Recently a local businessman asked me if area SCORE mentors had seen a reduction in the number of people interested in starting a business. My answer was an emphatic no. Although government data indicate a downward trend in start-ups since 1990, we have not seen local interest decline.
Our work involves helping entrepreneurs prepare themselves to start a business. Scott Shane, author and blogger for smallbiztrends.com, posted a graph in an April 28, 2012, blog showing what happened to a cohort of businesses started in 1992. He used data produced by the Bureau of the Census for the Office of Advocacy of the U.S. Small Business Administration. By 1997, 50 percent of them were no longer in business. By 2002, only 29 percent remained in business. The pattern is the same for other cohorts that have been studied. We seek to have our clients be amongst the survivors.
Data from a study conducted by the University of Tennessee posted on www.statisticbrain.com supply some clues as to how that might be done. University researchers studied a cohort of businesses for 10 years. Twenty-five percent were gone by the end of the first year, 55 percent by the end of year five, and 71 percent by the end of year 10. Same pattern as above.
They used follow-up questionnaires to try to understand what happened. The results are very informative. They concluded that 46 percent of failures were the result of incompetence, specifically lack of planning, emotional pricing, lack of knowledge about pricing, nonpayment of taxes, lack of knowledge of financing, lack of experience in record keeping and living too high on the business.
Thirty-two percent failed because of unbalanced experience or lack of managerial experience, specifically poor credit granting practices, inadequate borrowing practices and expanding too rapidly. Another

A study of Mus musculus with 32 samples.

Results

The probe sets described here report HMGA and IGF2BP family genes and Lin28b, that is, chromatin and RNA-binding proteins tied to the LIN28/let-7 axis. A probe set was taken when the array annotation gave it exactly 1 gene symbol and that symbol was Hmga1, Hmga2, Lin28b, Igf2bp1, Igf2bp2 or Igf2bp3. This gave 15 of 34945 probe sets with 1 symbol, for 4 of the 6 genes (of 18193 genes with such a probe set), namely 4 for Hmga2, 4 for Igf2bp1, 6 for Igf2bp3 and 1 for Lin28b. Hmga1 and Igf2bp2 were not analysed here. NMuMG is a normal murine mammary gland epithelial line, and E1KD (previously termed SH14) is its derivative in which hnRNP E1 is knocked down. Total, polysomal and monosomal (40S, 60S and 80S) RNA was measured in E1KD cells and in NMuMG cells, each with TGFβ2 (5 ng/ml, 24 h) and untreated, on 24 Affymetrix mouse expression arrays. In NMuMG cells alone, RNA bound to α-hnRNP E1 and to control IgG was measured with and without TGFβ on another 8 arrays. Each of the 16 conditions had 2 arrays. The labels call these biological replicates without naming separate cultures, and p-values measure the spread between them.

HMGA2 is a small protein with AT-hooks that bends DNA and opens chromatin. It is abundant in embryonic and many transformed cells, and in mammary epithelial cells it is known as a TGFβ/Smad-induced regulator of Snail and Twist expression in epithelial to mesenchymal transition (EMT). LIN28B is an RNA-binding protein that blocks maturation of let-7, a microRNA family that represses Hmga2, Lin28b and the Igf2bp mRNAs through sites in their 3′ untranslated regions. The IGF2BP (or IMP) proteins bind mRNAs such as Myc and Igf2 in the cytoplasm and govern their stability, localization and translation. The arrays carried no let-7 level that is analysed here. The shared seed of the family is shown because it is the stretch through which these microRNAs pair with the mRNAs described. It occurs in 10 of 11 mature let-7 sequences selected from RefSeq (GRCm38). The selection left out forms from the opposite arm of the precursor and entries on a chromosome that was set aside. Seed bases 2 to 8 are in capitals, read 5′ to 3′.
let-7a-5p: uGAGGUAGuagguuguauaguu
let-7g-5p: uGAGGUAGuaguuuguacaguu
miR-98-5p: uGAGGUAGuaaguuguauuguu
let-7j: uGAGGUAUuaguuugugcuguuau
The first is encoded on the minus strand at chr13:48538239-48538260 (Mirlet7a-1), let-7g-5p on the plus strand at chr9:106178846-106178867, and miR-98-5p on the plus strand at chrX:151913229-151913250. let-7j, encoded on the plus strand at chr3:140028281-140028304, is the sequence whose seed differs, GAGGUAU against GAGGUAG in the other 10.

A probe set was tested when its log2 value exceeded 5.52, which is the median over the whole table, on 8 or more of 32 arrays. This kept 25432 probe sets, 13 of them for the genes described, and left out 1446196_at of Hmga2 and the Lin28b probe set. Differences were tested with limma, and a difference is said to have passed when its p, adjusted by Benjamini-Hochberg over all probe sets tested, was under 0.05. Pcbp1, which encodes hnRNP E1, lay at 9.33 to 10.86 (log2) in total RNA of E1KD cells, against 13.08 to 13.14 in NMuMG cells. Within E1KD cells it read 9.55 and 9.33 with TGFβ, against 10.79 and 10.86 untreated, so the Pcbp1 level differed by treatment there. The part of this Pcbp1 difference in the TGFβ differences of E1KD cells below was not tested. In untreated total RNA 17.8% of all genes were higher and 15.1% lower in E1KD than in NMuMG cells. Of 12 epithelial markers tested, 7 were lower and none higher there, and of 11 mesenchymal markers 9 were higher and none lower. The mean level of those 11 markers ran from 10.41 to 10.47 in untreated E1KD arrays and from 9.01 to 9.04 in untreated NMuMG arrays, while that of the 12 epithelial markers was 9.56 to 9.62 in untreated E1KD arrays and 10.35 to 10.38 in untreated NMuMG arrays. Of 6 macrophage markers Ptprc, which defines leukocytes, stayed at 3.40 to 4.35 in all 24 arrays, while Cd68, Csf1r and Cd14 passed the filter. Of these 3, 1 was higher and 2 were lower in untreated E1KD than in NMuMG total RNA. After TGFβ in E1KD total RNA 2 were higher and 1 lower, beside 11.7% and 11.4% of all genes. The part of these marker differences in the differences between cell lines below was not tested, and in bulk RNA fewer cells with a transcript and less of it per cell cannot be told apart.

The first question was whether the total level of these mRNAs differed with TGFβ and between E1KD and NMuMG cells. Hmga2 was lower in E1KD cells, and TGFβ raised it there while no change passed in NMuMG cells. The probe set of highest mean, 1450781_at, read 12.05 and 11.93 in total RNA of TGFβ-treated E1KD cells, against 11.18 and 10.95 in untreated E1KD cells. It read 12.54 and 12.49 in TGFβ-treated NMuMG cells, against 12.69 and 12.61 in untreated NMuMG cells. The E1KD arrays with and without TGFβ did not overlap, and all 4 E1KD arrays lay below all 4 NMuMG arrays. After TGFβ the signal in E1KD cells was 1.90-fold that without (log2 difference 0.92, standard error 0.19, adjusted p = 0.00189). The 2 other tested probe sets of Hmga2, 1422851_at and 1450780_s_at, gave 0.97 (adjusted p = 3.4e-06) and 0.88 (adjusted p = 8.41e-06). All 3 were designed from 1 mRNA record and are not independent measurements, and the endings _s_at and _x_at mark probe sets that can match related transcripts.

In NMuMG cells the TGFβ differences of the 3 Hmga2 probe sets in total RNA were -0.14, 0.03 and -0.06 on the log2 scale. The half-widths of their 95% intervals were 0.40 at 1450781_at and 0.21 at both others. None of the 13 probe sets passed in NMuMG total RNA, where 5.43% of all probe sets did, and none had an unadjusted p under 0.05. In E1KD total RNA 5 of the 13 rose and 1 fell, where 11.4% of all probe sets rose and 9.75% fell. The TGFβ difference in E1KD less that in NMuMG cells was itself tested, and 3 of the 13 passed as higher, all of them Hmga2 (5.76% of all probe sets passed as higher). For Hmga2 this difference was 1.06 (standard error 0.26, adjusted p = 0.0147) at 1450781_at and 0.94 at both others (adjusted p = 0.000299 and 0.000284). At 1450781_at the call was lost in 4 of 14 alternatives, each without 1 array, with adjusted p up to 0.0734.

11 percent failed because of lack of experiences in the line of goods or services they were selling, specifically carrying inadequate inventory, lack of knowledge about suppliers and wasted expenditures on wrong advertising. The remaining 1 percent failed due to neglect, fraud or disaster.
I look at this list and see it not as a list of pitfalls business owners accidently fell into, but rather as a description of the failure by these business owners to prepare for pitfalls before they started their businesses. Look at the list carefully. It adds up to one thing — lack of knowledge about how businesses run and should be run. There is more interesting stuff in the study that I will describe in the next column.
SCORE offers an opportunity for you to ask basic questions about how to start and run a business in a free two-hour Question and Answer Forum starting at 5:30 p.m. Feb.18, in the Community Room at Laishley Marina, 120 Laishley Court, Punta Gorda. If you cannot attend that day, a second Q&A session will be held Feb. 27, same time and place.
You can arrange to receive free advice on a business issue from a SCORE mentor by leaving a message at 941-743-6179 or emailing email@example.com. Check our web sites www.score.org or www.charlorttedesotoscore.org.